American Enterprise Online
May 19, 2004
By Alan Dowd

The conventional wisdom—as expressed by everyone from Bob Woodward to the New York Times—says that Secretary of State Colin Powell is just marking time. One report has him eyeing the top post at the World Bank. But ever the good soldier, Powell will stay on until after the election, according to published reports, when a Bush-Cheney victory will allow him to gracefully take his leave or a defeat will send him packing anyway. If the conventional wisdom is right (and it’s hard to think otherwise after Powell’s tortured interview with Tim Russert on Sunday), then President Bush no doubt is considering his options for life after Powell.

For what it’s worth, I’ve found the ideal candidate.

Like Powell, he is roundly respected in public-policy circles. Like Powell, he is seasoned in statecraft and foreign policy. Like Powell, he knows his way around Washington and can handle the white-hot glare of media attention. After all, he has served as a senator and candidate for national office.

Like Powell, he’s been a vocal defender of international religious liberty. He’s been ahead of the curve on other issues as well, like the Balkan wars, homeland security and NATO expansion. Indeed, as a strong Atlanticist, he recognizes the important part Europe can and must play in international security. In his travels to Europe and in his speeches in America, he urges both sides of the Atlantic to forge a common future by recalling their common cause in the past. He has called on Washington to be more sensitive to Europe’s worries and Europe to invest more than rhetoric in the common defense.

But unlike Powell, he is an unapologetic hawk. Unlike Powell, he was an early supporter of the ouster of Saddam Hussein. As his biography proudly explains, he was making the case to remove Saddam “long before President Bush came into office.” In fact, he was one of the main cosponsors of the 1991 Gulf War Resolution and later helped author the 1998 Iraq Liberation Act, which put America on a course for regime change in Iraq. Again in 2002, he used his voice and vote in Congress to speed the removal of the Iraqi dictator. And unlike so many of the war’s sunshine supporters who have fallen away during the postwar insurgency, he remains a staunch and articulate advocate of Operation Iraqi Freedom. All of which means he might feel more comfortable than Powell in the Bush war cabinet.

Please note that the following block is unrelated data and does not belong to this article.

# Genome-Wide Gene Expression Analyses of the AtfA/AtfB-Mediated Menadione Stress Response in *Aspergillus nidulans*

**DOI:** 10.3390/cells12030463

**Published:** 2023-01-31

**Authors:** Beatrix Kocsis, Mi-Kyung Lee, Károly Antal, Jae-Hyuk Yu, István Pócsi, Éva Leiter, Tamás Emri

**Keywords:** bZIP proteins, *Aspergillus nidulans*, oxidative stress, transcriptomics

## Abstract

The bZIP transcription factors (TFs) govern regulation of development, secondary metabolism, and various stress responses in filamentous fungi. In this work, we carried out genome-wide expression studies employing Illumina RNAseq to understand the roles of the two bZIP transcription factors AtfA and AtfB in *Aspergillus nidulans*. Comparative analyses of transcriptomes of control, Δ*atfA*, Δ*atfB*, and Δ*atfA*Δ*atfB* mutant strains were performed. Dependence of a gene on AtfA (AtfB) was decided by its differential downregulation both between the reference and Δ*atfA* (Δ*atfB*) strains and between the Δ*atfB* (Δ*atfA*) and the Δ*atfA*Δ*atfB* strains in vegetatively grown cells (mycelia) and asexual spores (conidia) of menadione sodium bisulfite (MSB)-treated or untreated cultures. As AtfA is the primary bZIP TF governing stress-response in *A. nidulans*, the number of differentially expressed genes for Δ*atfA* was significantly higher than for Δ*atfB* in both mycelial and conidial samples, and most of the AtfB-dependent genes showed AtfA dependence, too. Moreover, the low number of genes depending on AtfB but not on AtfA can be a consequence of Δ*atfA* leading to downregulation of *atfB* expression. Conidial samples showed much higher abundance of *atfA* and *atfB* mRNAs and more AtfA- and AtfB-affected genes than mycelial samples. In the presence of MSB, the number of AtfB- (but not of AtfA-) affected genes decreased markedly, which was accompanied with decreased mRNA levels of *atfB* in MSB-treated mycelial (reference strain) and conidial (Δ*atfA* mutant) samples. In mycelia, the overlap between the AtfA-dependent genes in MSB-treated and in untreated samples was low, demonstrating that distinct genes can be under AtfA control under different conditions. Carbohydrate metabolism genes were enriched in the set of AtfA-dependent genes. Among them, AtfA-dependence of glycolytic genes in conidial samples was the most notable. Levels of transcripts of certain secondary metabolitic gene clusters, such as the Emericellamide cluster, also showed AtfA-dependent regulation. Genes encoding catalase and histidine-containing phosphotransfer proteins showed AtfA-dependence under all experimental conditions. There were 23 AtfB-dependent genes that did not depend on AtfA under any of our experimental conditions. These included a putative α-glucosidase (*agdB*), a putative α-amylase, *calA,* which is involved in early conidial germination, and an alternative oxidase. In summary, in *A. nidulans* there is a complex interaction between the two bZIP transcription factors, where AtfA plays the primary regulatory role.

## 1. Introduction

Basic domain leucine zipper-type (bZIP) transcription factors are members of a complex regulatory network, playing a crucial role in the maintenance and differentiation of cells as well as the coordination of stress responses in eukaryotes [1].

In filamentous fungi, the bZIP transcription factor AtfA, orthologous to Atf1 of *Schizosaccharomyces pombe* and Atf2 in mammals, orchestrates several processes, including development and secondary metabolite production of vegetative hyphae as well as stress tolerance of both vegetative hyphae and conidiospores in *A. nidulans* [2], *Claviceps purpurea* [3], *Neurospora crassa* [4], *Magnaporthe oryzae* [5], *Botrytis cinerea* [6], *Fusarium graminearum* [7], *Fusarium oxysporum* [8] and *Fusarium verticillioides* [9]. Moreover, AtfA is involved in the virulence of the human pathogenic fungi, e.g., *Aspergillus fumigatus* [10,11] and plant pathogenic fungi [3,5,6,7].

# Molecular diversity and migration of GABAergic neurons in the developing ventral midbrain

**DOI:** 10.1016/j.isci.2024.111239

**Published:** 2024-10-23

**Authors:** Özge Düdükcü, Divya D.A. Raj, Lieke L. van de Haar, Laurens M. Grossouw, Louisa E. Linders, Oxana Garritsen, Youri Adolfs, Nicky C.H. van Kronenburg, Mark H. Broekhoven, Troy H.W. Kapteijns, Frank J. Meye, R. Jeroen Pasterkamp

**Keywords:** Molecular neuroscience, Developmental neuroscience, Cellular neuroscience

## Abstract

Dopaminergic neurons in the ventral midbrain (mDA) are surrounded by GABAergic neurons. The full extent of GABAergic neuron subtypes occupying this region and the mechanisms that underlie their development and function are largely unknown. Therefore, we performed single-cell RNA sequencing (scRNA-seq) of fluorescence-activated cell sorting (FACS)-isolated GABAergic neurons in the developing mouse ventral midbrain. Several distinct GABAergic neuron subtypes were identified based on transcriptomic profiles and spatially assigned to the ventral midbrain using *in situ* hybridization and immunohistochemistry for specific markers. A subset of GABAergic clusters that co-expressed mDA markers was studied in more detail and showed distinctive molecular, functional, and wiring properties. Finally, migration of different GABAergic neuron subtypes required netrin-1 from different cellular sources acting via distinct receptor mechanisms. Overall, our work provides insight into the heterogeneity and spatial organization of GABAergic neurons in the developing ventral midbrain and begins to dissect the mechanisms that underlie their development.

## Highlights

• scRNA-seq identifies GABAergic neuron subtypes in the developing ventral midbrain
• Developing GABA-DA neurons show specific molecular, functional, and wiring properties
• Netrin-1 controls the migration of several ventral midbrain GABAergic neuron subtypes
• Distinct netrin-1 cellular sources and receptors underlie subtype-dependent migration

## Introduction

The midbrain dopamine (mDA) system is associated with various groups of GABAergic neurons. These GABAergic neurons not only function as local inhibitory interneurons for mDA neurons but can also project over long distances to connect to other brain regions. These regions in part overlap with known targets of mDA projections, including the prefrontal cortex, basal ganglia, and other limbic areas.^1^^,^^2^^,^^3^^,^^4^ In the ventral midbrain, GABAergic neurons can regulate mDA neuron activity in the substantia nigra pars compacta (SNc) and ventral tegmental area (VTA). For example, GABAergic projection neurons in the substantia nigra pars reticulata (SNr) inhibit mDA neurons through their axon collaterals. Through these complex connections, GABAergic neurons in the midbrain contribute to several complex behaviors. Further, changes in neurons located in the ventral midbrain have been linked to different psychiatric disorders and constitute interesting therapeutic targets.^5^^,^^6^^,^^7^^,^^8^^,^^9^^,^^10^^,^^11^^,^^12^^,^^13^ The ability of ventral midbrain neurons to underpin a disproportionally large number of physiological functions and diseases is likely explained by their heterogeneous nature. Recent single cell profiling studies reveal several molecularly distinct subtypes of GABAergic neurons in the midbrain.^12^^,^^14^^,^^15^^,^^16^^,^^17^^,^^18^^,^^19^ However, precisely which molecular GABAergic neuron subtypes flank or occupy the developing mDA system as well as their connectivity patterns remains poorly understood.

He has a clear-eyed view of the nature of this conflict and this enemy, recognizing that Iraq is just one front, and military force just one tool, in the war on terror. Beyond Iraq, he knows that Iran and others loom. Indeed, he has warned repeatedly about Iranian missilery and nuclear technology.

His experience on the Senate Governmental Affairs Committee would no doubt serve him and the nation well in the ongoing effort to reform the UN’s byzantine and bungling bureaucracy (a perennial priority for the top person at State). And his long tenure on the Senate Armed Services Committee could be crucial. A wartime secretary of state needs to know a thing or two about the Pentagon.

Unlike Powell, he is a Democrat. But like Powell, he seems to have more in common with the other party than his own. Take, for example, his reaction to the Abu Ghraib prison scandal. When other Democrats howled about war crimes and demanded resignations, he injected a measure of common sense and calm: “The behavior by Americans at the prison in Iraq is, as we all acknowledge, immoral, intolerable and un-American. It deserves the apology that you have given today and that have been given by others in high positions in our government and our military,” he told Defense Secretary Don Rumsfeld. “I cannot help but say, however, that those who were responsible for killing 3,000 Americans on September 11th, 2001, never apologized. Those who have killed hundreds of Americans in uniform in Iraq working to liberate Iraq and protect our security have never apologized.”

I haven’t heard a more reasoned comment before or since.

In that same spirit, he has called on both parties to “stop the bickering, to overcome the mistrust, to appreciate how similar are our current goals in Iraq and to work together to achieve them.” Hence, he has urged Democrats to support the June 30 handover of sovereignty, and he has applauded the administration for backing away from premature cuts in troop strength in Iraq.

Sounding more like Bush than Kerry, he sees Iraq as a main front in the war on terror; and he believes Iraq can be stabilized and then democratized. In his view, only then will Iraq become a “hopeful model for a better future throughout the Islamic world.”   

For these very same reasons, he would also be a good fit at the Pentagon, should Rumsfeld say “good riddance.”

I almost forgot the most important part: His name is Joe Lieberman.